The California county becomes the latest to impose new covid-19 rules to address the rise in case numbers after a busy Thanksgiving and Black Friday.

New covid-19 rules are being imposed in the California county to address the rise in case numbers after a busy Thanksgiving and Black Friday.

Health officials in Los Angeles County have announced the introduction of a temporary stay-at-home order to help combat the rising covid-19 case numbers in America’s most populous county. The restrictions will be imposed from Monday 30 November and will remain in place for at least three weeks, until Sunday 20 December.

In a statement released on Friday the Los Angeles County Department of Public Health said: "Residents are advised to stay home as much as possible and always wear a face covering over their nose and mouth when they are outside their household and around others.”

The new rules will be applied on top of existing restrictions and will prohibit any public or private gathering of individuals from different households. However as per a Supreme Court ruling from earlier this week, religious services and protests will be exempt from the rules.

Shops and some public spaces will be allowed to remain open for now but at a reduced capacity. Essential retailers will be restricted to 35% of their usual capacity, while the non-essential will be capped at 20%. Outdoor fitness centres and museums will be allowed half of their usual capacity but gatherings at the county’s many beaches are banned entirely.

Why is Los Angeles County imposing these tighter coronavirus restrictions now?

With a population of over 10 million Los Angeles is the most populous county in the US and health officials had set strict thresholds on case numbers to decide their response. On Friday the county’s five-day average of new cases hit 4,751, triggering the introduction of tougher measures.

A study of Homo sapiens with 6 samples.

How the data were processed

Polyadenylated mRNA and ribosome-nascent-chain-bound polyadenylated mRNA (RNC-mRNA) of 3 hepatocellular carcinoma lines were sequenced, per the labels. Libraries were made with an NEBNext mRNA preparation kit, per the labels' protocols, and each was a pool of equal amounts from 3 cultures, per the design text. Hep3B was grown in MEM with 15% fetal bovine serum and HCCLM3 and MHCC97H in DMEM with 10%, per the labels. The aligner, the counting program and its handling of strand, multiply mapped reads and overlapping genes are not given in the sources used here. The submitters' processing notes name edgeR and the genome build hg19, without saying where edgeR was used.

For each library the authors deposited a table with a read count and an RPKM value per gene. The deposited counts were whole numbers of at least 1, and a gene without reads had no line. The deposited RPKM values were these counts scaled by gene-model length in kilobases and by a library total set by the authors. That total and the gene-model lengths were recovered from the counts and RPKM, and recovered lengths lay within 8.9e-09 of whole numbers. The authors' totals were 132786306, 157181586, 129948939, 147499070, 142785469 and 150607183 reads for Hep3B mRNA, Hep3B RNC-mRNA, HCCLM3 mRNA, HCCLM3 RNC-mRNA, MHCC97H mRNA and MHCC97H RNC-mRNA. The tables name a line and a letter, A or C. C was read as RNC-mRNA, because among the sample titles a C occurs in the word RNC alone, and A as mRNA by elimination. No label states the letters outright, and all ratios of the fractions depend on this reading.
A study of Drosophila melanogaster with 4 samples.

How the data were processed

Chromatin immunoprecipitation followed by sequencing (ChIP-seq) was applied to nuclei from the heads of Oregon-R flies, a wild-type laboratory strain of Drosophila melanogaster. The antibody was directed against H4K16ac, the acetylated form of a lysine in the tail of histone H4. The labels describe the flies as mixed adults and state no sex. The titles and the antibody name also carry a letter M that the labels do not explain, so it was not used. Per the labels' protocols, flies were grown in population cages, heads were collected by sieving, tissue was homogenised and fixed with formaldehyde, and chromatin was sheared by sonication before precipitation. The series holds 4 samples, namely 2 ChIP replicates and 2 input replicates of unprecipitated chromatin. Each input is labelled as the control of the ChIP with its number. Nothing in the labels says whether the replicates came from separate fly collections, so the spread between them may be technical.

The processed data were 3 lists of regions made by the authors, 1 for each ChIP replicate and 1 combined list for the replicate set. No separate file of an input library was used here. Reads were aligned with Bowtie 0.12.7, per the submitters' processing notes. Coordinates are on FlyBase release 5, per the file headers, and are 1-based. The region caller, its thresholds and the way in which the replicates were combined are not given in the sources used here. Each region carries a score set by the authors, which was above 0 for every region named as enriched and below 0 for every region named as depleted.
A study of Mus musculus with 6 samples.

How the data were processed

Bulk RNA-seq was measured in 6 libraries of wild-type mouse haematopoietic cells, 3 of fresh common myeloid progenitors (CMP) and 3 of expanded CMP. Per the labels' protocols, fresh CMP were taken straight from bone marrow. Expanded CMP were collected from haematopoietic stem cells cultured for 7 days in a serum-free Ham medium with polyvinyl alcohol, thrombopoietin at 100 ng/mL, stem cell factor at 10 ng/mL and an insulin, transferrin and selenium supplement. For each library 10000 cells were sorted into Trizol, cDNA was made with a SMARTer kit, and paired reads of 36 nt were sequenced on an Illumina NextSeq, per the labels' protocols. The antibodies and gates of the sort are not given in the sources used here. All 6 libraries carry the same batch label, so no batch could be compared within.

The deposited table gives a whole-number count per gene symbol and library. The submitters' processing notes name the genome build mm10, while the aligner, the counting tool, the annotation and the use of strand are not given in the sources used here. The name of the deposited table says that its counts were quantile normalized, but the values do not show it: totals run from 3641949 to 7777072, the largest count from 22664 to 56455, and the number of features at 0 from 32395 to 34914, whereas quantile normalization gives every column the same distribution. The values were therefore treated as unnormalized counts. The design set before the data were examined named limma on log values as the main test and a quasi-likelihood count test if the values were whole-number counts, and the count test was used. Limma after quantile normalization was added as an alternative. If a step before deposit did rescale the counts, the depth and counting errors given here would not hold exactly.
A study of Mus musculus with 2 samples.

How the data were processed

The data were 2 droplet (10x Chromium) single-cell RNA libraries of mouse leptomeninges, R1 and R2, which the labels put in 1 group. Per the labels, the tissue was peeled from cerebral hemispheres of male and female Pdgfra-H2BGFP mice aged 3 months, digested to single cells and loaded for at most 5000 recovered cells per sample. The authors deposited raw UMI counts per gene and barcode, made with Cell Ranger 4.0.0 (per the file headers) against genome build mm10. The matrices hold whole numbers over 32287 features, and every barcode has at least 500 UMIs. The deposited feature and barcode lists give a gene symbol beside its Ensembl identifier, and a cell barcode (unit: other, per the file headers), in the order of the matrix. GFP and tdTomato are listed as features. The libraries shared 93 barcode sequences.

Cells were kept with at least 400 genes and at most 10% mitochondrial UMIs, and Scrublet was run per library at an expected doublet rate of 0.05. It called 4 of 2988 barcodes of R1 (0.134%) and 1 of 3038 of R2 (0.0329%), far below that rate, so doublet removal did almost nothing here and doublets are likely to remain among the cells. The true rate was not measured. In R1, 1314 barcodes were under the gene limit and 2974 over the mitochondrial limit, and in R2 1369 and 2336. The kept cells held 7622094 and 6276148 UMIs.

The stay-at home order comes just days after a ban on outdoor dining was imposed on Wednesday after estimates found that the county’s R-rate (the average number of people that each covid-19 patient passes the virus to) had risen to 1.27, the highest since March.

The rise comes at a time when annual events have encouraged more people to go out and to socialise with friends and family. Thanksgiving Day on Thursday saw over 5,000 new cases reported, one of the county’s highest single-day totals to date. That was followed by Black Friday which, against official advice, saw residents flock to shopping malls in search of pre-Christmas bargains.

Supreme Court ruling allows places of worship to remain open

One category that will be exempt from the new stay-at-home order is places of worship after the Supreme Court prevented New York from applying attendance limits to religious gatherings. Earlier this year the Supreme Court had ruled in favour of such restrictions in California and Nevada but has now reversed that decision. 

In that time, liberal Justice Ruth Bader Ginsburg passed away and her spot was taken by Amy Coney Barrett. The introduction of Justice Barrett, a devout Catholic, was enough to tip the balance in the Court and it ruled that limits on places of worship would compromise religious freedom.